Cycads are a primordial group of cone-producing plants. Of the thirty-eight species found in Southern Africa, thirty-seven belong to the group Encephalartos and one to the group Sangeria.
Photographs © Tristan Govender
Easily identified by a large crown of rigid, evergreen leaves that sit atop a robust, woody trunk, the cycad is a prehistoric wonder. Scientific dating has confirmed that cycads have been around since the Triassic and Jurassic ages, possibly even earlier than that.
Unfortunately, cycads are not as prolific as they once were. Their unique and majestic appearance has made them both a sought-after collector’s item and a popular choice in garden landscaping designs. Sadly, the growing popularity of the plant has stimulated the illegal trade of cycads which has left these majestic gymnosperms susceptible to poaching.
The Lillie Cycad
Of the various species of cycads, one is particularly rare. The Encephalartos Dyerianos or, the Lillie Cycad to the layperson, only occurs naturally on one hill in the world. One could scour the planet and not encounter a naturally occurring Encephalartos Dyerianos until they find themselves at the Lillie Cycad Reserve in Selati.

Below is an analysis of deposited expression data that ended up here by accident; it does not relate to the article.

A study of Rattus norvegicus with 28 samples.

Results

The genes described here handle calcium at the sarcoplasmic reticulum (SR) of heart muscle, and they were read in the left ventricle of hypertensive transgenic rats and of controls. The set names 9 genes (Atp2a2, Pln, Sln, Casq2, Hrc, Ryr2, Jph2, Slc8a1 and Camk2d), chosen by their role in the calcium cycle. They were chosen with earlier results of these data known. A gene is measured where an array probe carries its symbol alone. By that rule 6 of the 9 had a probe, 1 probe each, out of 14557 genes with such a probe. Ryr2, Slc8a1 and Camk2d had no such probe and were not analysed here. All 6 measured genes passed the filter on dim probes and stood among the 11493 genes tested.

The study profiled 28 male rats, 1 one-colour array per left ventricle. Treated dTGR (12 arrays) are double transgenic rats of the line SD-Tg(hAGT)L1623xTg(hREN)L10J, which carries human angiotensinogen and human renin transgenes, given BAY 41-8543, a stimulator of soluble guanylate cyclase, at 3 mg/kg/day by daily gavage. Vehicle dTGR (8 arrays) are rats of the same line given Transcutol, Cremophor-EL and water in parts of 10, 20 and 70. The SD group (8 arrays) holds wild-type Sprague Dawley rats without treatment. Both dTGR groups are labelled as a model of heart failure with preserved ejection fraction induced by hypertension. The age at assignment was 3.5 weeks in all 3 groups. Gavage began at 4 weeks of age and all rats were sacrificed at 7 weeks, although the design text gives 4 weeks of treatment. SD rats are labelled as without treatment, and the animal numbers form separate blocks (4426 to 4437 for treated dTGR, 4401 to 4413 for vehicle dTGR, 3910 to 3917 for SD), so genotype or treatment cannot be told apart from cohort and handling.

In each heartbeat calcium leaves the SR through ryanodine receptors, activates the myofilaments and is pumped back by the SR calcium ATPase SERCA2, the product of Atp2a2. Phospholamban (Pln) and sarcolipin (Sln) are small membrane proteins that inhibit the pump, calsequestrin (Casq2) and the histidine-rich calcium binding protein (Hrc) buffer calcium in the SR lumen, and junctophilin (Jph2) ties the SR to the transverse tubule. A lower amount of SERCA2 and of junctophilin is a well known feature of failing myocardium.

Photograph © Tristan Govender
What makes this piece of Selati optimal real estate for the Lillie Cycad colony is a combination of several harmonious biotic and abiotic factors. Two integral factors include effective water drainage and ample sunlight. Being perched atop a granite hill means that water drains efficiently and no natural features obscure the rays of the sun.
Owing to the critically endangered status of this species, the Selati Lillie Reserve is patrolled by an armed anti-poaching unit, whose sole mandate is to protect these ancient beauties. Even with a camp in the reserve, EcoTraining must be granted special permission from the necessary authorities before we may explore the world of the Lillie Cycad.
Though it is deeply disheartening that cycads face such persecution, it is important to remember the old cliché of ‘knowledge is power’. Many who support the illegal trade of cycads do so without realising their indiscretions. While ignorance is no excuse it does mean that much of the demand is stimulated, not by malice and or unfounded beliefs as is with rhino horn or pangolin scales, but by oblivion.
Photographs © Albie Venter
Guides and Guardians
As guides and guardians of the natural world, EcoTraining feel a sense of responsibility to educate and endear students to the plight of the cycad. What better way to do so than by sharing this magical piece of land with passionate and inspired students who are eager to protect and preserve a heritage of millions of years.
About the Author:
Victoria Craddock a past apprentice Field Guide student of EcoTraining and freelance Blogger.